Printed labels and cell phones communicate using the body as the conduitconductor

20 January, 2014 - 20:06

Ericsson, Acreo Swedish ICT and LiU are now able to show that the human body can act as a transmitter of information between printed labels and services in a connected smartphone. 

This unique technology means that digital information is transferred from a printed label to a mobile phone using the human body as a communication channel and the first live demonstration  took place at the Consumer Electronics Show (CES) in Las Vegas, 7-10 January.

- The fact that we can now demonstrate that the technology works opens up many opportunities to communicate with objects just by touching them. Information from the objects is then passed on from mobile phones to various Internet services for analysis and storage. If, for example, this technology is used for future packaging it would be possible to gain information on the quality of the content as well as the transport history of the package, says Göran Gustafsson, Department Manager, Printed Electronics at Acreo Swedish ICT.

Demonstrators from logistics, packaging and printed media (eg posters) was also presented at CES.

CES is one of the largest consumer electronics exhibitions in the world. The demonstrations took place on Ericsson's stand by Jan Hederén, Ericsson, and Peter Dyreklev, Acreo Swedish ICT throughout the entire CES, 7-10 January at the Las Vegas Convention Center, USA. Acreo also brought other printed electronic technology platforms for various applications.

The new technology is developed within the VINNOVA UDI programme (Challenge-driven Innovation) within the project "New platforms for communication between the mobile phone and printed smart labels". The project period is 2012-2014 and aims to develop green communication by extending the capabilities of smart phones with the help of smart and dynamic labels capable of collecting information. The project is a collaboration between Acreo Swedish ICT, Linköping University, Ericsson, Peab, Bergendahls, Procordia and others. A significant part of the technical development work has taken place at Printed Electronics Arena-Manufacturing in Norrköping (PEA-M).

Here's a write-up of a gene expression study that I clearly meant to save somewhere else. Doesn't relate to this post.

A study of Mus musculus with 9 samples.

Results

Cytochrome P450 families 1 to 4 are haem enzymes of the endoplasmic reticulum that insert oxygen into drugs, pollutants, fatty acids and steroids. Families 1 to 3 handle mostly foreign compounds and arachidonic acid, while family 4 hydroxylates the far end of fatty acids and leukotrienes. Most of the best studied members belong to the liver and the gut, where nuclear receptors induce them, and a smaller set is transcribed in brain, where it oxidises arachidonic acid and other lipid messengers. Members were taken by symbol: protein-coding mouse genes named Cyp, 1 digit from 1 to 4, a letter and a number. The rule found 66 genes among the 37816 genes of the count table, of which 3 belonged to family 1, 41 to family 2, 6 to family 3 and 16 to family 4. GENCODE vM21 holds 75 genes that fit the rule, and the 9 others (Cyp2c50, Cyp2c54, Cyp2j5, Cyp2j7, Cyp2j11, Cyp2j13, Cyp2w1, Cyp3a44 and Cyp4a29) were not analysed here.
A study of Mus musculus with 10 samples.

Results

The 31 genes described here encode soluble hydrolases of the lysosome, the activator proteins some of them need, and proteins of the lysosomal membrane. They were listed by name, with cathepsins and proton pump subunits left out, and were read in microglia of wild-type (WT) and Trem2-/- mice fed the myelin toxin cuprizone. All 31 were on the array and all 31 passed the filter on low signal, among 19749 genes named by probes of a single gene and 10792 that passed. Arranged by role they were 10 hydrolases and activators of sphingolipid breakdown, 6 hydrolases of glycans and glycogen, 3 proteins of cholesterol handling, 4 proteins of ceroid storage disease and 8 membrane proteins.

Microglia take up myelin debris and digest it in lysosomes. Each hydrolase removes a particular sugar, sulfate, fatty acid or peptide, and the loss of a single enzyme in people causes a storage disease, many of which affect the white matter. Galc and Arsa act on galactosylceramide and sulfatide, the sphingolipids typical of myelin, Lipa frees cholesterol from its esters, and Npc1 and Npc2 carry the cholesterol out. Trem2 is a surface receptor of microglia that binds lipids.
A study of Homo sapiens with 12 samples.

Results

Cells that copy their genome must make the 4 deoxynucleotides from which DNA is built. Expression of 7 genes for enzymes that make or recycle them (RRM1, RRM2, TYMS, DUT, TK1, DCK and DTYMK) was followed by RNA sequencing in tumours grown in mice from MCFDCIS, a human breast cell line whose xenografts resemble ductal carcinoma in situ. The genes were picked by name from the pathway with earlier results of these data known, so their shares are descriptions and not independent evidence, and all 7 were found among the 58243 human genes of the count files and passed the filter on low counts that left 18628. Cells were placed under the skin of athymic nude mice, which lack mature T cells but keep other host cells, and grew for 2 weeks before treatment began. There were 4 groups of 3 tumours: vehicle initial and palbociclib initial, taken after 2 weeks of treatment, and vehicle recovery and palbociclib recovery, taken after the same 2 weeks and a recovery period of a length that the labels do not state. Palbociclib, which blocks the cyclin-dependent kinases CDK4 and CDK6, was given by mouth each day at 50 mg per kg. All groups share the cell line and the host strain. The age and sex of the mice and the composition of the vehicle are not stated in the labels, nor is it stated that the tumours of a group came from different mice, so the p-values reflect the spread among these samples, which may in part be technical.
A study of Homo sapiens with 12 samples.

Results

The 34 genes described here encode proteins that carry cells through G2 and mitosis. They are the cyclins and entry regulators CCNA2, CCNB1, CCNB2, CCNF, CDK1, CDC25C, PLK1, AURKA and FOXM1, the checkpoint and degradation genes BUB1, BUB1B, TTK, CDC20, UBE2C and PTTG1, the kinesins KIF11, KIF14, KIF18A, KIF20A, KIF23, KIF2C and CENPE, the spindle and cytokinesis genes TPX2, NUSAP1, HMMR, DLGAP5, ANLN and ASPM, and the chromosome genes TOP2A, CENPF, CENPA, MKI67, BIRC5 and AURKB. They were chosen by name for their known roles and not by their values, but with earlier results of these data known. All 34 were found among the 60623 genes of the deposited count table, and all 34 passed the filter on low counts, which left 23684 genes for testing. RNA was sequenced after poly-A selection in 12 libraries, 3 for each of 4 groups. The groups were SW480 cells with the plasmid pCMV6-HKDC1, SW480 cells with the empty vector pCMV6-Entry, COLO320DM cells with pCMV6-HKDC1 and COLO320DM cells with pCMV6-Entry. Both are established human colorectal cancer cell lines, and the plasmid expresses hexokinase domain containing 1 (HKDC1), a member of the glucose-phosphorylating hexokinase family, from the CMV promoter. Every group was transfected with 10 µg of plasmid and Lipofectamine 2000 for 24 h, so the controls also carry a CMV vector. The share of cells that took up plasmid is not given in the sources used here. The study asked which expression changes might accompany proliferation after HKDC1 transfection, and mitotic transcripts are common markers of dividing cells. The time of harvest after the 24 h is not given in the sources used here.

How does the technology work?

Each printed label is equipped with an electronic part which contains an identity, a printed antenna and a small printed battery that makes it possible to send a package with data, a short message or an identity. By touching the label the information is sent through the person’s body to a hyper-sensitive receiver that, in this case, is contained in the mobile phone. A small package of 128 bits of data is sufficient to create an enormous number of unique identities.

No electric current is going through the body; instead the electrical field in the body is affected, thus redistributing the charge. The mobile phone, which must be in close contact with the body - for example in your pocket or in your hand - has a receiver that reads the signal and sends the identity on to a suitable app in the phone for further processing. When the identity has been confirmed by the recipient, is it possible to transmit all kinds of information that can be accessed from the cloud using the mobile network. Various actions can be triggered and everyday objects can be connected to the entire Internet using the body and the mobile network.

Linköping University has developed the transmitter and receiver circuits and Acreo Swedish ICT is responsible for the integrated printed label. Ericsson has already shown interest in how data can be passed between objects by using the body and the mobile phone, and it is this idea that now has been further developed into a working concept, including printed labels.

Regarding commercialisation, we still need to reduce the cost of each unit if the major mass market is to open its doors. All major obstacles facing the receiver have been overcome and all that remains now is for it to be integrated into the mobile phone at manufacturing. A small dongle that connects to the phone's USB port is also a possibility.